The email that roared (Massachusetts Lawyers Weekly)

The strange tale of a much-forwarded email chain describing “Lawyers behaving badly.”

By David L. Yas

How small is our legal community?

One young lawyer just found out.

The hard way.

It happens that a young attorney by the name of Dianna Abdala was applying for a job with a criminal defense lawyer named William A. Korman.

Korman apparently thought Abdala had a bright future ahead of her so he offered her a job in their first meeting. They agreed upon a start date.

But Korman then called Abdala to his office to tell her that he had decided to hire two lawyers, not one. As such, he had crunched some numbers and decided he had to reduce the amount of salary they had discussed. Still, he said, he was excited about her working for him. Korman set up computer resources for his new hire and made the other usual arrangements. But Abdala did indicate to Korman that she may have to give the job some more thought.

Then Korman received an email from Abdala on the Friday evening before the Super Bowl. She had changed her mind. Abdala wrote: “Dear Attorney Korman: At this time, I am writing to inform you that I will not be accepting your offer. After careful consideration, I have come to the conclusion that the pay you are offering would neither fulfill me nor support the lifestyle I am living in light of the work I would be doing for you. I have decided instead to work for myself, and reap 100% of the benefits that I (sic) sew. Thank you for the interviews.”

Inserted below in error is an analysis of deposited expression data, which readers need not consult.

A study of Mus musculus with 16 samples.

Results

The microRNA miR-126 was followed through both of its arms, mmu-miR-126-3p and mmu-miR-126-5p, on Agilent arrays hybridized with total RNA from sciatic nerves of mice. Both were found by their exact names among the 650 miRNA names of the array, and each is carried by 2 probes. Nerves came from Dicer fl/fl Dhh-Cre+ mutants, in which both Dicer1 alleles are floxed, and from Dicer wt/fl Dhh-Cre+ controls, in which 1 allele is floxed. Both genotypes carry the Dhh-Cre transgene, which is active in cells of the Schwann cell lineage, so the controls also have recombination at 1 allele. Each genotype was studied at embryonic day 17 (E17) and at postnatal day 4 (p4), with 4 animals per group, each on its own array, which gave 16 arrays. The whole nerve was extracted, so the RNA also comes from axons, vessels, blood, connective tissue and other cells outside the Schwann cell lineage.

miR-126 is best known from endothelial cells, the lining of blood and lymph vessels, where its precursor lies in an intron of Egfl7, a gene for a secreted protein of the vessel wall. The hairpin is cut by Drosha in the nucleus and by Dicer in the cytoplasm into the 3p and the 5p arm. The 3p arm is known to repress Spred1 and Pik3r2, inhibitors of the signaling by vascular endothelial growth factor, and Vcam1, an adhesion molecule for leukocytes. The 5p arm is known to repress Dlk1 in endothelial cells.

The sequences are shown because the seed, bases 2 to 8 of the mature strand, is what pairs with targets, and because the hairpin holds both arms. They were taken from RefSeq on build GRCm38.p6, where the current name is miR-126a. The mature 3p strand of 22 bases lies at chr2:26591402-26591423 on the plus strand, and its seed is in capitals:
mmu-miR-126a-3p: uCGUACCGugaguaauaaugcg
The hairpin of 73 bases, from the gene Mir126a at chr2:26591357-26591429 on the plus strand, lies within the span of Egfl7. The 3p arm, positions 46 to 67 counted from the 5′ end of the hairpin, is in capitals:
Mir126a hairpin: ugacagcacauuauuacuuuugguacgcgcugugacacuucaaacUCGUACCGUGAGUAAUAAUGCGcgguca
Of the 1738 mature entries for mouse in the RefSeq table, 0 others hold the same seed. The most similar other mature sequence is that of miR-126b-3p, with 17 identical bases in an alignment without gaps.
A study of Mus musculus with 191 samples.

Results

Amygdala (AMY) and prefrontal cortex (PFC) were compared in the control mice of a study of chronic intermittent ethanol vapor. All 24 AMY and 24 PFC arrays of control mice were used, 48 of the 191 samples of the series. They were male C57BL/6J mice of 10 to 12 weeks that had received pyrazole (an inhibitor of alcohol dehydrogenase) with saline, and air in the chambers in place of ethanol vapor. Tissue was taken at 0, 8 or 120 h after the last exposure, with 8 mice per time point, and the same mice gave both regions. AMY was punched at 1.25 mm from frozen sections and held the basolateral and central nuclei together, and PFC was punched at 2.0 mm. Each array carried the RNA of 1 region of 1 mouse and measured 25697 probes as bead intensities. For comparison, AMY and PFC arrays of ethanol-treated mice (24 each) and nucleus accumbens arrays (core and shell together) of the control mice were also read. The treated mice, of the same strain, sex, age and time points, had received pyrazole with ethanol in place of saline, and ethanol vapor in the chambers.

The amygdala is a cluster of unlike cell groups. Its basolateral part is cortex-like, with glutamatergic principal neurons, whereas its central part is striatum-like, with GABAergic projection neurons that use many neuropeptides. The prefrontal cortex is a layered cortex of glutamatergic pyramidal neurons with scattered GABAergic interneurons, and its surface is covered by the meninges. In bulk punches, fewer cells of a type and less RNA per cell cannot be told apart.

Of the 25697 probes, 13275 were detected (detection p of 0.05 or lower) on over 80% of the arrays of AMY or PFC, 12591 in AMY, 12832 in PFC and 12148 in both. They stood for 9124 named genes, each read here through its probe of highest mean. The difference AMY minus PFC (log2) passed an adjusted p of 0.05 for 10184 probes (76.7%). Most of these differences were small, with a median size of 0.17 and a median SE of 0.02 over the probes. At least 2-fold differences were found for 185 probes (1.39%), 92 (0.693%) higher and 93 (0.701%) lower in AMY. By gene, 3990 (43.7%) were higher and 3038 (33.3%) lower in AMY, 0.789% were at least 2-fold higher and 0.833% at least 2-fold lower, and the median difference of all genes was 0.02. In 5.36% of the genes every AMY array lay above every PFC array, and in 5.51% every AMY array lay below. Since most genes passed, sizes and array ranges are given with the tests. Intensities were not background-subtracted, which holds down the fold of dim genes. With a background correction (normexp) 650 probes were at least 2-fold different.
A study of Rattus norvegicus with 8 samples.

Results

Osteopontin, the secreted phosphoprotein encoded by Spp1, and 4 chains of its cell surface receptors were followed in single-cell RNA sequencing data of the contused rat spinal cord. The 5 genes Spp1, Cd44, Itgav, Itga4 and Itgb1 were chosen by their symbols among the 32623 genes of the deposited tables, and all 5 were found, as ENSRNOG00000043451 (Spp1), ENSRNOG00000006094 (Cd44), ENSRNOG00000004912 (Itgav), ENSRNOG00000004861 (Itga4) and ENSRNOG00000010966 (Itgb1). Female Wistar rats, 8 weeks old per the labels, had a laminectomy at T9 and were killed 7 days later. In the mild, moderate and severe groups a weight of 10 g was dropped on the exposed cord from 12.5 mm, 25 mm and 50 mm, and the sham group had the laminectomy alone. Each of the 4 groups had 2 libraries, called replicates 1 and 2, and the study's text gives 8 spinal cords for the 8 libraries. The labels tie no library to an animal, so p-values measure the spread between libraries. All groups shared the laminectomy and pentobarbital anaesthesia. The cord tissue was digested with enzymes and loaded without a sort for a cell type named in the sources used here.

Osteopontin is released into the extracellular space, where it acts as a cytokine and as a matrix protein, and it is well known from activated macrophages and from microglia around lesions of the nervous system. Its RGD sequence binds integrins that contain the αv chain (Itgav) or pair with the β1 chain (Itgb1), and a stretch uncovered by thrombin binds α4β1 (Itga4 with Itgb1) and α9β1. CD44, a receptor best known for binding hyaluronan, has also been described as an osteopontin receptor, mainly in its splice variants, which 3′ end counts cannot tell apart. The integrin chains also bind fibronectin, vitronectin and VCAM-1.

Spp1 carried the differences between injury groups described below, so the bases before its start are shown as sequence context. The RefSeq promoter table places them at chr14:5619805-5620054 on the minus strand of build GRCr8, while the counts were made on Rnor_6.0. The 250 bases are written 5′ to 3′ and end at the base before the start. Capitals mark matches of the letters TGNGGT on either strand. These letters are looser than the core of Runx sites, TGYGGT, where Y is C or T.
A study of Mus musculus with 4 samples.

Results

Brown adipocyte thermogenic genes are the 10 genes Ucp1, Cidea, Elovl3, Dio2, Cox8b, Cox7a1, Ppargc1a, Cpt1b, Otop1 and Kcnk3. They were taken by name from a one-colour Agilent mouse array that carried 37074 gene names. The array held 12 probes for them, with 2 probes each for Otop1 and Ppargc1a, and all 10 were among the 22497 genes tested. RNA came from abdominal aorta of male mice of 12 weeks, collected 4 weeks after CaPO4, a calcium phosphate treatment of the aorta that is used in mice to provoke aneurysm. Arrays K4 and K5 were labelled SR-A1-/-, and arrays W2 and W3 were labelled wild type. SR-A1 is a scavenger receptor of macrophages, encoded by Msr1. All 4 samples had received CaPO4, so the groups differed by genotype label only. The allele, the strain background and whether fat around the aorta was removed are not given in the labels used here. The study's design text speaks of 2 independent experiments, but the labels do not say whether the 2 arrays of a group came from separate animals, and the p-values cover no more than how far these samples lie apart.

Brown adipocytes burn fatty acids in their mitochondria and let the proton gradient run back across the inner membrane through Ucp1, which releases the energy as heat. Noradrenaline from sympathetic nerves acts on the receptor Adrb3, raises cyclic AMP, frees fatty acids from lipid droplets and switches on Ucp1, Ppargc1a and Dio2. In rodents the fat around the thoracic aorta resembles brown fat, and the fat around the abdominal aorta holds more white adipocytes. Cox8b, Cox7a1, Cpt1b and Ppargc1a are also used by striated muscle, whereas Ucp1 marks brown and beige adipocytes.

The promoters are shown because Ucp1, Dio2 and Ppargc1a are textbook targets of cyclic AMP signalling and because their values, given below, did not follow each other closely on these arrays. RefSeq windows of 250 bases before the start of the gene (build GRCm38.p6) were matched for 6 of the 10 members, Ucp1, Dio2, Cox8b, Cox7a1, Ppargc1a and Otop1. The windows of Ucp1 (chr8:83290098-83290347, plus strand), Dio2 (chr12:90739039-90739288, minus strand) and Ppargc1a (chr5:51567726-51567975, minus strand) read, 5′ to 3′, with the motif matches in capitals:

Korman called Abdala and left a message for her, asking if they could talk and work things out. He suggested she call him on his cell phone. Instead, Abdala called Korman’s office and left a voice mail, again declining the offer.

That’s when Korman wrote the following in an email to Abdala: “Dianna – Given that you had two interviews, were offered and accepted the job (indeed, you had a definite start date), I am surprised that you chose an e-mail and a 9:30 p.m. voicemail message to convey this information to me. It smacks of immaturity and is quite unprofessional. Indeed, I did rely upon your acceptance by ordering (sic) stationary and business cards with your name, reformatting a computer and setting up both internal and external e-mails for you here at the office. While I do not quarrel with your reasoning, I am extremely disappointed in the way this played out. I sincerely wish you the best of luck in your future endeavors.”

Enough said, right? A young lawyer declines a job offer and some awkwardness ensues. Not the biggest deal in the world.

Well, here’s where things go haywire.


2 thoughts on “The email that roared (Massachusetts Lawyers Weekly)

  1. It is sad that Ms. Abdala felt compelled to answer Mr. Korman as she did. Yes, sometimes we are offered much less than we are worth for the work we do. But bad offers happen. As a self-proclaimed “trust fund baby”, I’m sure that Ms. Abdala had many other options. All she had to say was that she could not accept the change in terms. End of story, her career remains intact. Instead, she becomes an embarassment to the legal profession. Even more sadly, even if her legal career survives this, the ones who may suffer are those that she takes on as clients. Eventually she will need the help of others in the legal field, and all she will be remembered for was one shining moment of notoriety.

  2. I agree totally. And also, IMHO that should have been discussed on the phone. And her inability to express a simple thought in email was cringe inducing, when you consider the amount of education she has.